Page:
Craft and Aesthetics in Byzantine and Early Islamic Textiles

 

Elizabeth Dospěl Williams

 

Synopsis:

Textiles counted among the most valuable category of luxury objects circulating in the Sasanian, Byzantine, and early Islamic periods (7th-9th centuries). They played a key role in transmitting visual motifs in a wide geographic zone, and over many centuries. This presentation explores a number of examples of such luxury textiles held in the Dumbarton Oaks Collections and also argues that technology played a major role in shaping their visual aesthetics.

 

References:

Bühl, Gudrun, Sumru Belger Krody, and Elizabeth Dospěl Williams. Woven Interiors: Furnishing Early Medieval Egypt. Washington, DC: The George Washington University Museum and The Textile Museum, 2019.

“Essays on Liminal Fabric: Byzantine and Early Islamic Furnishing Textiles,” in Catalogue of the Textiles in the Dumbarton Oaks Byzantine Collection, ed. Gudrun Bühl and Elizabeth Dospěl Williams (Washington, DC, 2019).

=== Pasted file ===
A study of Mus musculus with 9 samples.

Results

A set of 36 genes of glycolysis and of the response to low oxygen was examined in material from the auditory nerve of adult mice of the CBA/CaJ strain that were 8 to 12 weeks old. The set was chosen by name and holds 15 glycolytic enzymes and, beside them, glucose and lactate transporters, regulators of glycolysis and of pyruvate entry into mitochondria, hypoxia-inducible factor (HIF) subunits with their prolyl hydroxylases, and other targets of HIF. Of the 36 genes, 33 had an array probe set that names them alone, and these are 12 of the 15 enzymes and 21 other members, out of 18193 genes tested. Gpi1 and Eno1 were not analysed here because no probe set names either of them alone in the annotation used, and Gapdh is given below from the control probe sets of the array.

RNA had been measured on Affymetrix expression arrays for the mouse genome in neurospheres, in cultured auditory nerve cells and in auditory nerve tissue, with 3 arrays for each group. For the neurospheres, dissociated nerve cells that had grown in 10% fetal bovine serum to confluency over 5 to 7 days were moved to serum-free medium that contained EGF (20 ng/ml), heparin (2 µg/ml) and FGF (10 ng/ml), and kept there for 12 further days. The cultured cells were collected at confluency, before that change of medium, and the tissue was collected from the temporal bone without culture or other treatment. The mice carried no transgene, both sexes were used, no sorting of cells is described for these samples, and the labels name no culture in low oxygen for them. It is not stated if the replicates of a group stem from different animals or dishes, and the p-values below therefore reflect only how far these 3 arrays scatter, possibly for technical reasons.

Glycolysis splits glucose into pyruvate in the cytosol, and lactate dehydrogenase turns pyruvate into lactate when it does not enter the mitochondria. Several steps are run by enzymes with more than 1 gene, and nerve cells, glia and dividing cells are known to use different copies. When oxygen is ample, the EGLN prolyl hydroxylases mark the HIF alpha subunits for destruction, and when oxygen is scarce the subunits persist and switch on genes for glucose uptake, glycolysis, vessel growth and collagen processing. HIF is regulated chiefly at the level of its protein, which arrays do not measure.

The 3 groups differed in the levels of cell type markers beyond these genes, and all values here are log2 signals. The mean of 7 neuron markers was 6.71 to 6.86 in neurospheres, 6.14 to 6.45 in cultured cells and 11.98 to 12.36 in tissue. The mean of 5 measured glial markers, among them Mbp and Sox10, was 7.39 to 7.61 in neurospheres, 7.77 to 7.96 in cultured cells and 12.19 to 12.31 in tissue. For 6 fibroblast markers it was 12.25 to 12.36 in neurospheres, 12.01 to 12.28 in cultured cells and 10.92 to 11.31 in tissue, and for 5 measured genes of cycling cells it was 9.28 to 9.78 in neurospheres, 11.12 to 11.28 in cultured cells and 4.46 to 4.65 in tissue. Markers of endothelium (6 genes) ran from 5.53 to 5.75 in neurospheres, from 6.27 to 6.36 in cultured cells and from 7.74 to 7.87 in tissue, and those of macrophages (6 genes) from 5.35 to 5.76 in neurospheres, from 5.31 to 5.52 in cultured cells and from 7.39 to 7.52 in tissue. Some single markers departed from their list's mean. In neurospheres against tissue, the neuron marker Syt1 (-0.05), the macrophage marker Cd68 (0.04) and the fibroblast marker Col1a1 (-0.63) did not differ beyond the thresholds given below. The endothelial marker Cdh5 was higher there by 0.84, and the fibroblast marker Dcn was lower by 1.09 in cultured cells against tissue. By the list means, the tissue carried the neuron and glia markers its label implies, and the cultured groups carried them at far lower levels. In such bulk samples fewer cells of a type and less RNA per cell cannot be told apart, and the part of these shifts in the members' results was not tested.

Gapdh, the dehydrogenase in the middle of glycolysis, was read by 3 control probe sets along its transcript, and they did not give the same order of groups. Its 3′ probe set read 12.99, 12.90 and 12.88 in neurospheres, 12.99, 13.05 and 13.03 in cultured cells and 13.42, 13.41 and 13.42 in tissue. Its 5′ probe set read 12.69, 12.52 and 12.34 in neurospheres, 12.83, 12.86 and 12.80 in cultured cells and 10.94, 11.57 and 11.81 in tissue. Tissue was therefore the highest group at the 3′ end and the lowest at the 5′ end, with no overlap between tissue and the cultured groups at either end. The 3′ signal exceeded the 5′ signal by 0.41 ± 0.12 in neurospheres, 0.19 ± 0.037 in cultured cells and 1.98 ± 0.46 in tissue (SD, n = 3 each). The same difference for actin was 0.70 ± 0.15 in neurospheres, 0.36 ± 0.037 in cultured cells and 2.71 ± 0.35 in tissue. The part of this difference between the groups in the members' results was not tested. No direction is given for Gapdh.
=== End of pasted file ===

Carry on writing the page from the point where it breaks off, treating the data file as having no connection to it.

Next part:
Golombek, Lisa. “The Draped Universe of Islam,” in Priscilla P. Soucek, ed., Content and Context of Visual Arts in the Islamic World, 25-38 (University Park, PA, Pennsylvania State University Press, 1988).

Mackie, Louise W. Symbols of Power: Luxury Textiles from Islamic Lands, 7th-21st Century. Cleveland: Cleveland Museum of Art, 2015.

Online Catalogue of the Textiles in the Dumbarton Oaks Byzantine Collection.

Trilling, James. The Medallion Style: A Study in the Origins of Byzantine Taste. New York: Garland, 1985.  

 

Textile fragments in this presentation video:
 

“Hero and Lion” Silk

Fragment of a Hanging with Horses and Lions

Fragment of two-colored silk

Fragment of a Furnishing with Wreathed Roundel

 

Citation:

Elizabeth Dospěl Williams, “Craft and Aesthetics in Byzantine and Early Islamic Textiles,” Khamseen: Islamic Art History Online, published 19 October, 2020.

 

Elizabeth Dospěl Williams is Assistant Curator at the Byzantine Collection at the Dumbarton Oaks Research Library and Collection. She recently co-curated two exhibitions on textiles, Woven Interiors: Furnishing Early Medieval Egypt in collaboration with the Textile Museum and Ornament: Fragments of Byzantine Fashion at Dumbarton Oaks. She received her Ph.D. from the Institute of Fine Arts, New York University, focusing on jewelry, dress practices, and attitudes towards adornment in the Byzantine and early Islamic periods.